BC beat Elon, and Elon beat N. C. State, so stranger things could have happened than N. C. State losing to BC despite BC's total ineptitude at the sports. So, yeah. Go team!


The lineup Elliot Avent pulled out of a hat struggled to put runs on the board, but N. C. State got just enough error-fueled offense to edge Boston College 3-2 and complete its second consecutive series sweep in conference play. Overall, the Pack (28-10, 11-7) have won 10 straight games. The Eagles (6-29, 0-17) remain winless in ACC play, though they held the lead in each of the three games this weekend.

The series finale remained scoreless into the seventh inning thanks in part to Avent's head-scratcher of a lineup, but mostly due to the dominance of freshman lefties Andrew Chin and Brad Stone. The latter had a no-hitter through six innings, and the former was not charged with a run until his defense let him down in the eighth. BC struck first, finally notching a pair of hits off Stone in the seventh to chase the young lefty and plate the game's first run. Stone ended up surrendering one run, two hits, and a walk in six and a third innings. He struck out eight.

Trailing 1-0 heading into the eighth, the Pack offense finally scratched. The BC defense, which was shaky all weekend, reared its ugly head again when Grant Clyde led off the inning by reaching on an error. Logan Ratledge ran for Clyde and moved to second when Matt Bergquist, making his first starter in weeks, drew a walk after falling behind 0-2 in the count against Chin. The walk chased Chin from the game and his replacement, John Gorman, promptly threw away Trea Turner's sacrifice bunt attempt, allowing Ratledge to score all the way from second to knot the score. Bergquist went to third on the play and Turner ended up at second.

Brett Austin, who was among the nation's leaders with 10 sacrifice flies last season and has five more this year, continued his solid situational hitting by lifting a fly ball deep enough to score Bergquist with the go-ahead run. Two batters later, Brett Williams singled home Turner for an important insurance run that was charged to Gorman.

According to the box score, Chin, who was a fifth round pick of the Toronto Blue Jays out of high school, was charged with two earned runs in seven innings. He allowed just a pair of hits and struck out seven. Since Clyde reached on an error, I have no idea how his run (eventually scored by the pinch runner Ratledge) was earned. It has to be an error by the official scorer. Regardless, both freshman lefties deserved a better fate, as Chin took the loss and Stone ended up with a no decision.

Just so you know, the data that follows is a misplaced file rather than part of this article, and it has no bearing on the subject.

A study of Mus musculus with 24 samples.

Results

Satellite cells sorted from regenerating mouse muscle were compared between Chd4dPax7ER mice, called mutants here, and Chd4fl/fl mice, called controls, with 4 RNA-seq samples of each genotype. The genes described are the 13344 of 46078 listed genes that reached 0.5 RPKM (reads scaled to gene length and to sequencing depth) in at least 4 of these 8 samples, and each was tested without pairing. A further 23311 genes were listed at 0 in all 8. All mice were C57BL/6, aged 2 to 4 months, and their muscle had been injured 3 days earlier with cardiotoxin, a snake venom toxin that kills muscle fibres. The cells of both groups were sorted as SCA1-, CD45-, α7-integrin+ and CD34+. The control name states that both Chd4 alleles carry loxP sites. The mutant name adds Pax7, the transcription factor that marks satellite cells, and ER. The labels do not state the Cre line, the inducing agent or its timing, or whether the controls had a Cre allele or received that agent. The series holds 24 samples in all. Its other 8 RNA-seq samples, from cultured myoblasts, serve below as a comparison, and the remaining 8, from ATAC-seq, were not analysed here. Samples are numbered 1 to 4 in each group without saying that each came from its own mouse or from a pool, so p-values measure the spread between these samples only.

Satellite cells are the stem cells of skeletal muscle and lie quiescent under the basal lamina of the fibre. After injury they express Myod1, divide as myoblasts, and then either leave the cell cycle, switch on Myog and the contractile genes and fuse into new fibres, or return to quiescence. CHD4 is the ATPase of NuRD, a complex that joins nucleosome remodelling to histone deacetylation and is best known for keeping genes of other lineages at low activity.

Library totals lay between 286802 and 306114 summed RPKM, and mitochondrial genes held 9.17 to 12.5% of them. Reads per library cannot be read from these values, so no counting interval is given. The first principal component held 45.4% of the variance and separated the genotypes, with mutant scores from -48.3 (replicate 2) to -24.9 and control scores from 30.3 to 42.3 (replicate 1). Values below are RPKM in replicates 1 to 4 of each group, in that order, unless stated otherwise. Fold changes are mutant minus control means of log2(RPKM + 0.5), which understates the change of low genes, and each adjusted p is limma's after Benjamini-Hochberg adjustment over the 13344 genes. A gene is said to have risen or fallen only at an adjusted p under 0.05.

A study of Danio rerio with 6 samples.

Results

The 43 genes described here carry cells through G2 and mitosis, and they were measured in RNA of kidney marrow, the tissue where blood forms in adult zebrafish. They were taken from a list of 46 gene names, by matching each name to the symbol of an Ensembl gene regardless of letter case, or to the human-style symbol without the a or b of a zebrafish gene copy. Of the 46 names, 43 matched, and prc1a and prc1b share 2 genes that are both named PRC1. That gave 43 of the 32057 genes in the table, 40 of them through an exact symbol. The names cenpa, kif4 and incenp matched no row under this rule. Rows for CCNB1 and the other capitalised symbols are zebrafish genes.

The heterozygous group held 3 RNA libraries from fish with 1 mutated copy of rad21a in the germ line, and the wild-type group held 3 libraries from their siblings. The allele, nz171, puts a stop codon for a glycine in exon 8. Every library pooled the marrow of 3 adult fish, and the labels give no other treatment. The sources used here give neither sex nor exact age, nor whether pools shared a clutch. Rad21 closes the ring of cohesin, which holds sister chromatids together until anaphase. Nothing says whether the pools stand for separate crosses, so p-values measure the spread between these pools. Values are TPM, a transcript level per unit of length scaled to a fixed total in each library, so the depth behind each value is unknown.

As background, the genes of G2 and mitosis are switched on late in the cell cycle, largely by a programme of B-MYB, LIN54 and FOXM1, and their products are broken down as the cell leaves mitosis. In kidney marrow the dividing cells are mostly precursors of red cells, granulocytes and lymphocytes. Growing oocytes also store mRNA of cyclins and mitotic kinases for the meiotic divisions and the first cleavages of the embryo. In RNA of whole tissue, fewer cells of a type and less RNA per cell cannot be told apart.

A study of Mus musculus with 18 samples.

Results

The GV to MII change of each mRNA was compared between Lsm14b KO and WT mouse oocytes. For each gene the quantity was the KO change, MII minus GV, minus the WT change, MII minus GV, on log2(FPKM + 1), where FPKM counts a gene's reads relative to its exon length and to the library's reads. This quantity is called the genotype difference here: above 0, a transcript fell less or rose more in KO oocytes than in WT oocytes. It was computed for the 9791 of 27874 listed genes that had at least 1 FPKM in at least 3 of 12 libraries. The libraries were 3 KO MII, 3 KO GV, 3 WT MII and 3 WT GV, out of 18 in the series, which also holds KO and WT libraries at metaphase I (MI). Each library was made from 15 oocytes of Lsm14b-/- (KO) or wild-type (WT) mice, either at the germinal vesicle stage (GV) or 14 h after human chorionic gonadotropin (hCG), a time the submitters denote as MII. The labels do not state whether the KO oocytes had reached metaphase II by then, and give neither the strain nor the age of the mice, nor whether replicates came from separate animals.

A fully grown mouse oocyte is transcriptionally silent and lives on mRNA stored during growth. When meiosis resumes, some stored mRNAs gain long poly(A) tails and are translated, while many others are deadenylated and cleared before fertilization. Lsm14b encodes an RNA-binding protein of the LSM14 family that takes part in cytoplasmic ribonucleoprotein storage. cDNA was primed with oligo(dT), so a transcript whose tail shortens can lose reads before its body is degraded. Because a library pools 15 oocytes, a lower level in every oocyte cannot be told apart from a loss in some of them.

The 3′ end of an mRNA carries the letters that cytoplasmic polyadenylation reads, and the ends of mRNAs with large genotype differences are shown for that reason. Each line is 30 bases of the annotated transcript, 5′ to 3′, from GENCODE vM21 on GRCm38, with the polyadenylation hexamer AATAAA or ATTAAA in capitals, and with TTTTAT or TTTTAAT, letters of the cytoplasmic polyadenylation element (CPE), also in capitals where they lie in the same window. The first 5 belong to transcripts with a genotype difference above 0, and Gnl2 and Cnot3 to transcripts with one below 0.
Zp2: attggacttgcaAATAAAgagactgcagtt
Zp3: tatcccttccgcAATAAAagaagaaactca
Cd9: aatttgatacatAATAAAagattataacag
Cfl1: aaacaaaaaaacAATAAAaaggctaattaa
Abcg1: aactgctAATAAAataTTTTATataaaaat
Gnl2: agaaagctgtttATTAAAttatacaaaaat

Andrew Woeck was credited with the win out of the Pack pen, his fourth of the season. He wriggled out of the seventh after relieving Stone, leaving two men on thanks to a well-placed line drive that Turner snared to end the inning. Woeck was touched for a leadoff double in the eighth and was yanked in favor of Chris Overman, who needed just 10 pitches to record three outs and strand the runner. Overman has yet to allow an earned run this season in 15.1 innings.

Even though he went three innings for a save on Saturday, Avent once again turned to Grant Sasser to finish a tight game. Sasser had a shaky ninth, hitting a batter and allowing a double to put runners on second and third with one out. After an RBI groundout, Sasser struck out Matt McGovern on a 3-2 pitch to end the game. Sasser and Overman now share the team lead with five saves.

Even though he had reached base in 36 of 37 games before Sunday, Avent dropped Jake Fincher back to fifth in the lineup rather than having him bat in the top three as he had been doing recently. Fincher responded by going 0-for-4 and grounding into a double play.

Even more curious was the inclusion of Brian Taylor as the starting leftfielder. Taylor, who is batting .097 on the season, struck out in his lone at bat before being jerked for normal starter Bryan Adametz, a .304 hitter. Perhaps Adametz missed curfew Saturday night, though I think Avent just picked names out of a hat to determine the lineup. That might explain why on base machine Jake Armstrong did not receive one single plate appearance all weekend. Armstrong and his .459 OBP sat in favor of Sam Morgan (.304 OBP) and Will Nance (.269 OBP) at DH. It was also weird to see Bergquist at second over Ratledge, but since both of them are batting under .200...whatever. This move did work out, as Bergquist worked an important walk in the eighth and had one of the Pack's measly three hits.

One interesting development in the series was seeing Ryan Wilkins as a weekend starter. The former late inning reliever turned in the Pack's longest start of the series, working seven innings to win the second half of Saturday's twin bill. Wilkins has only allowed two runs in 12 innings as a starter, so the conversion has been successful so far. I thought the change would leave Stone as the odd man out, but it was Ethan Ogburn who was skipped this weekend. Perhaps Ogburn will toe the rubber Tuesday when the Pack travel to UNC Charlotte.

Ogburn joins Logan Jernigan and Anthony Tzamtzis as pitchers who were key parts of the Pack's 2012 success who have fallen out of favor with Avent. Ogburn really hasn't pitched poorly, posting a 3.62 ERA and allowing opponents to hit just .230 against him. But Jernigan and Tzamtzis have struggled mightily with their command, walking an average of one batter per inning; the staff is simply too deep to continue to give them chances to figure it out. Still, one wonders what the clubhouse is like when veterans lose their jobs.

Florida State swept Duke this weekend and Clemson did the same against Wake Forest, so the Wolfpack failed to make up any ground in the Atlantic Division, and it gets tougher from here. The Pack play ranked ACC foes in each of the next three weekends, starting with a road trip to Atlanta to take on Georgia Tech (#19). The Pack host UNC (#1) and Florida State (#6) after that.